Travis Lux
A crawfisher empties a net of wild-caught crawfish into his boat in the Atchafalaya Basin in the winter of 2018.

There are three new, clustered outbreaks of the coronavirus in the Acadiana region of Louisiana, at least one of which is at a crawfish production facility, Gov. John Bel Edwards announced Monday afternoon.

Neither Edwards nor Assistant Health Secretary Dr. Alex Billioux named the three sites.

Update: Approximately 100 people across three crawfish farms in the Acadiana region have tested positive for COVID-19, Louisiana Department of Health (LDH) spokesperson Mindy Faciane said Monday evening.

Faciane said the workplaces represent “active, evolving, protected investigations,” and did not identify the crawfish farms by name, but said “LDH is working closely with these worksites to identify and minimize infection.”

When the outbreaks were first announced, only one outbreak site was confirmed as a crawfish farm. The state was still investigating the other two sites “to find out exactly how many people are in those facilities” and to “understand the scope of those clusters,” he added. When asked whether those two sites were also crawfish production facilities Billioux said, “My understanding is they are.”

“There was one outbreak in a group of workers who work on a crawfish farm and live, I think, in dormitory-like settings,” Billioux said.

Billioux said testing has been going on at that site, that multiple cases are under investigation, and people who are not known or suspected to be sick are “being kept separately from the people who are actually COVID-positive.”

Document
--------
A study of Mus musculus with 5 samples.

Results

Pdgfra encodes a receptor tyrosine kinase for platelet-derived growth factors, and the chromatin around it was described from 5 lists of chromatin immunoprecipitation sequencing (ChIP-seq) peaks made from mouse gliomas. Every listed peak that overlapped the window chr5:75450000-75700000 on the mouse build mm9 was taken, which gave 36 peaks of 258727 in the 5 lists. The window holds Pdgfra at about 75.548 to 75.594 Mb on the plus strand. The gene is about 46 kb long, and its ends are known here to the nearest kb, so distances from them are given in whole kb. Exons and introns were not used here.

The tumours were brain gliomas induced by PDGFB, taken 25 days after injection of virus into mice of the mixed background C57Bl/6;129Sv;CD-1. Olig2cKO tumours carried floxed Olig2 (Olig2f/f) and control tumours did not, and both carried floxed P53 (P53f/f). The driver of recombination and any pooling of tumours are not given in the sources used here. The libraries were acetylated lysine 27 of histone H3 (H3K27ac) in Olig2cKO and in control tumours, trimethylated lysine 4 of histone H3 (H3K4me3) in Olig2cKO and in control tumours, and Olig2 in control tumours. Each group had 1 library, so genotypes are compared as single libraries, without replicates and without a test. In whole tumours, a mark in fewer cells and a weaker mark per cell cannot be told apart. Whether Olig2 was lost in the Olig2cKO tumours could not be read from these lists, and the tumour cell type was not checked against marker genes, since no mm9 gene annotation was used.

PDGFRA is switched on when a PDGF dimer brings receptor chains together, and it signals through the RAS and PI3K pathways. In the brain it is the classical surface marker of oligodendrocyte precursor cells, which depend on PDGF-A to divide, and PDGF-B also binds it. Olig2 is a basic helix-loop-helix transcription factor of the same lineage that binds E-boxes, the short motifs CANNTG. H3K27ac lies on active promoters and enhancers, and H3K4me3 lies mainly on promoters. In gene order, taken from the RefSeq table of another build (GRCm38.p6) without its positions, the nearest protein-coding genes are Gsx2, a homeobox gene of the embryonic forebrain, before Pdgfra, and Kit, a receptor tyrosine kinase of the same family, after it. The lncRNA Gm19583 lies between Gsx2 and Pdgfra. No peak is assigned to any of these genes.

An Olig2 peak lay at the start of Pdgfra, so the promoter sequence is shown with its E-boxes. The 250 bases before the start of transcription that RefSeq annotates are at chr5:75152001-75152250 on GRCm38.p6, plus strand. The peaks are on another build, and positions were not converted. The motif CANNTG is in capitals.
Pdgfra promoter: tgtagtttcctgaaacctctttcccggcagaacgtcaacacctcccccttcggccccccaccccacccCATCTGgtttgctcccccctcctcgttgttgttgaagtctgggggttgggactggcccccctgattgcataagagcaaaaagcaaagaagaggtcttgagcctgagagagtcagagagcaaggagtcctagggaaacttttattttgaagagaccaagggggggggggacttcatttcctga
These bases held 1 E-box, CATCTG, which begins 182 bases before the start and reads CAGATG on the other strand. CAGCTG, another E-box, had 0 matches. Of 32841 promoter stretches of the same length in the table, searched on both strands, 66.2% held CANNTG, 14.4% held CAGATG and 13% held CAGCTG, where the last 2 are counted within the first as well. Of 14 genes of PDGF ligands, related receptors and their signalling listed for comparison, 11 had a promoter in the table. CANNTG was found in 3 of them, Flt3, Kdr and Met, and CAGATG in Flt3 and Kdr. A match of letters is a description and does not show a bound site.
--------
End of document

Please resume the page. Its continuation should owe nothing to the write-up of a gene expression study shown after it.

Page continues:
At least some of those who tested positive were migrant workers, Billioux said. Migrant workers make up a significant portion of the workforce at seafood processing facilities in the state. They typically work on temporary guest-worker visas under the H-2A and H-2B programs.

According to the latest Department of Labor statistics compiled by the Louisiana State University AgCenter, there were 1,630 people working in seafood processing on H-2B visas in 2018.

Guest workers at crawfish processing facilities typically work under the H-2B program. The H-2A program is aimed at agricultural production, and employers are required to provide housing for those workers. Employers can offer housing to H-2B guest workers if they choose.

This is a developing story and will be updated.

As Coastal Reporter, Travis Lux covers flood protection, coastal restoration, infrastructure, the energy and seafood industries, and the environment. In this role he's reported on everything from pipeline protests in the Atchafalaya swamp, to how shrimpers cope with low prices. He had a big hand in producing the series, New Orleans: Ready Or Not?, which examined how prepared New Orleans is for a future with more extreme weather. In 2017, Travis co-produced two episodes of TriPod: New Orleans at 300 examining New Orleans' historic efforts at flood protection. One episode, NOLA vs Nature: The Other Biggest Flood in New Orleans History, was recognized with awards from the Public Radio News Directors and the New Orleans Press Club. His stories often find a wider audience on national programs, too, like NPR's Morning Edition, WBUR's Here and Now, and WHYY's The Pulse.